SHRM-Achieve Joint Survey: Higher Education Levels Will Be Required For Most of Tomorrow's Jobs
Alexandria, Va. – October 3, 2012 – A new joint survey from the Society for Human Resource Management (SHRM) and Achieve shows that technical and educational requirements are rising across job categories.
"Today's tough job market means that many individuals are currently in jobs for which they have educational qualifications beyond those required for the position,” said Jennifer Schramm, GPHR, manager of workplace trends and forecasting at the Society for Human Resource Management (SHRM). "But this may not be the case down the line - education requirements are climbing for jobs across the board."
The responses of 4,695 HR professionals across nine industries and shows that:
- Compared with 10 years ago, today there are more jobs with specific technical requirements (said 51 percent); more STEM-related jobs (said 26 percent); increased employee diversity (said 45 percent); and simply a higher education level required for most jobs (said 46 percent);
- Looking ahead three to five years, HR professionals expect even jobs with specific technical requirements(said 60 percent); STEM-related jobs(said 31 percent); increased employee diversity (said 50 percent); and simply a higher education level required for most jobs(said 49 percent); and
- There are also fewer entry-level jobs today compared to 10 years ago (said 31 percent) and fewer expected in the next three to five years (said 30 percent, also).
The survey was released today during SHRM’s annual strategy conference being held in Palm Springs, California and attended by more than 500 HR executives.
"This survey reinforces the importance of having strong K-12 and postsecondary education systems that provide all students with the knowledge and skills they need to access, and succeed in the careers of their choice," said Sandy Boyd, Senior Vice President, Strategic Initiatives, Achieve. "It's clear that the world has changed and employers are demanding more education and skills from employees than ever before. All students deserve a meaningful and rigorous academic experience that will prepare them for college, careers and life."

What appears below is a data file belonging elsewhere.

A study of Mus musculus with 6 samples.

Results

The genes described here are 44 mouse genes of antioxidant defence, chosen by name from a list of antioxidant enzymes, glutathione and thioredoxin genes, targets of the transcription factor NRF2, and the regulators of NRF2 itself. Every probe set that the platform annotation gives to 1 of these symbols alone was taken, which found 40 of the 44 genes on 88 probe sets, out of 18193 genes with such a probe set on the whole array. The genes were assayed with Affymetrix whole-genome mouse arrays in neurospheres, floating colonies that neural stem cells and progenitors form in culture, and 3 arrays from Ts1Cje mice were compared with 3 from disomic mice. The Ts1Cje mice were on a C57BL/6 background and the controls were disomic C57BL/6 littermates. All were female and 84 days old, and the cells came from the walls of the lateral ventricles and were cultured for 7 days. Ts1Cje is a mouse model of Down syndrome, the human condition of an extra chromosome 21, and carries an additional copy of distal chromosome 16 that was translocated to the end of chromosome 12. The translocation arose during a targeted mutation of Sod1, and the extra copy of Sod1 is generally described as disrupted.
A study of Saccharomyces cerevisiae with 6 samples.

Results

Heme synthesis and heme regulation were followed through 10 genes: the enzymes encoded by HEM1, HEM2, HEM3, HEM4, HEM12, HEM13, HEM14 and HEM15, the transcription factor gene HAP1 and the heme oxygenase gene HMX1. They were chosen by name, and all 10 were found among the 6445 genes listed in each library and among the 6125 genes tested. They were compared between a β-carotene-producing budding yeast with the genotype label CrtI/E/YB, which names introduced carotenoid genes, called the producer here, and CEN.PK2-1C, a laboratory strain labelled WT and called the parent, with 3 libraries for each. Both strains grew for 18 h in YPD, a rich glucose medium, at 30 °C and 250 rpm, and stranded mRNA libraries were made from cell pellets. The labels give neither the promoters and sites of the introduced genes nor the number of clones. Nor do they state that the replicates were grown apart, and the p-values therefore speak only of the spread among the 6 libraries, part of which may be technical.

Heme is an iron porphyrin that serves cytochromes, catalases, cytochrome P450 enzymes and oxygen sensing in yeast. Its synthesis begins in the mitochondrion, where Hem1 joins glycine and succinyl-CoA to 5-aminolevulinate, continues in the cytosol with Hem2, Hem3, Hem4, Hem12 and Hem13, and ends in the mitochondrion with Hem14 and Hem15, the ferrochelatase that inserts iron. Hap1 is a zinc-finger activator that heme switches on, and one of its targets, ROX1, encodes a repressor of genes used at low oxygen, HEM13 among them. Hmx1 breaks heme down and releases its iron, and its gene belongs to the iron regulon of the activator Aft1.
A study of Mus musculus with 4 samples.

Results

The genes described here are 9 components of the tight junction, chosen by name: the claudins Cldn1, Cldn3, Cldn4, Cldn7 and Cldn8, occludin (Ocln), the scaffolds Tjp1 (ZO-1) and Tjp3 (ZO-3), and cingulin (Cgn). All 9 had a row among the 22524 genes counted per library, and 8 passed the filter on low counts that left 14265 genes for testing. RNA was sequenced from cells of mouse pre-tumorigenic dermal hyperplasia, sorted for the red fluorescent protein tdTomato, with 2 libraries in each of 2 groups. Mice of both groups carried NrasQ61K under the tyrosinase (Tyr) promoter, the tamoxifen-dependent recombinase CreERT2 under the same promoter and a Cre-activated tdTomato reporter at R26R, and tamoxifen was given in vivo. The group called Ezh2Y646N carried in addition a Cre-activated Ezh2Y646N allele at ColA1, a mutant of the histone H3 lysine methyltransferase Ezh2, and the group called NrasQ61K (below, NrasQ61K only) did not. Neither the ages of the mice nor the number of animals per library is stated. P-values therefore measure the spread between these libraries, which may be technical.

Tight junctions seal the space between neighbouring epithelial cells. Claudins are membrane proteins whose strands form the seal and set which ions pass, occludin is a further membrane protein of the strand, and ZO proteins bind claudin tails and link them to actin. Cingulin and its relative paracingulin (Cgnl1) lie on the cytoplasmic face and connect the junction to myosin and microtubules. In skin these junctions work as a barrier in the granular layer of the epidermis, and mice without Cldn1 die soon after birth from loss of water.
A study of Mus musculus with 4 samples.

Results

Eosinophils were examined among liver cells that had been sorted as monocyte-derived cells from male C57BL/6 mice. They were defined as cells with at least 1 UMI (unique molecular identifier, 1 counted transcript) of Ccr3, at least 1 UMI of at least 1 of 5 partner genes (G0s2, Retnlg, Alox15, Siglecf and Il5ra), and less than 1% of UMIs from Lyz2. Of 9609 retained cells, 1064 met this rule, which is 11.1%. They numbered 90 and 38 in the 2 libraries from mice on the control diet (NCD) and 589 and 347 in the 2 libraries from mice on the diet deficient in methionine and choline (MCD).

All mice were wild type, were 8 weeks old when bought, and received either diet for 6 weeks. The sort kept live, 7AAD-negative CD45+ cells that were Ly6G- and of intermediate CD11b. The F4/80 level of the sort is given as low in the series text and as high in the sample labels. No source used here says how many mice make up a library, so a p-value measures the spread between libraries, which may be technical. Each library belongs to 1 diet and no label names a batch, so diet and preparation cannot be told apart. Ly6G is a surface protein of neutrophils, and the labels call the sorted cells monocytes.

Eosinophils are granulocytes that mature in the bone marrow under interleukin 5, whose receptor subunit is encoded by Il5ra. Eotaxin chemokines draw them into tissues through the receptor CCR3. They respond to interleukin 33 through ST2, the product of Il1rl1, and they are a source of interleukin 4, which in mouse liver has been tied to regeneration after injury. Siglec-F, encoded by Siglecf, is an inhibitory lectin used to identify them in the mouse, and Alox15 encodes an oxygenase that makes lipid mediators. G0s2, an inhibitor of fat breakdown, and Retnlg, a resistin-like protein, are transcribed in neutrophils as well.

HR professionals responding to the survey say education and training can correct the job skills mismatch. Training includes post-secondary certificate programs, highly job-specific training, and employer-sponsored professional development. Education includes training as well as bachelor's degrees, associate’s degrees, and advanced degrees.
What it means for workers and employers across the country is that, for example:
- Future administrative and secretarial positions will require more education such as an associate's degree (said 21 percent of HR professionals) or a post-secondary certificate (said 11 percent);
- For salaried, individual contributors and professionals, future positions will require a bachelor's degree (said 71 percent of HR professionals) or an associate’s degree (said 12 percent);
- Skilled laborers such as technicians, mechanics, and foremen will need a specific post-secondary certificate or specific credentials for future jobs (said 31 percent of HR professionals); and
- While the majority of workers holding only a high-school diploma at present are able to advance via a lateral move (said 38 percent of HR professionals) or a one-step promotion (said 39 percent), future jobs will require more education or training.
A breakdown of responses from HR professionals by the industry they work in shows that:
- The industries most likely to report higher education requirements today compared with 10 years ago include health (54 percent); manufacturing (52 percent); state/local government (48 percent); and the federal government (46 percent);
- Looking ahead three to five years, the industries predicting that most of their sectors' jobs will require higher education levels include manufacturing (59 percent); health (56 percent); high-tech (51 percent); state/local government (51 percent); and professional services (49 percent).
To read the full survey findings go to www.shrm.org/surveys.
To read Achieve's summary report, "The Future of the U.S. Workforce: A Survey of Hiring Practices Across Industries,” click: www.achieve.org/Achieve-SHRM-Survey.
The 4,695 responses are from randomly selected SHRM members who are HR professionals.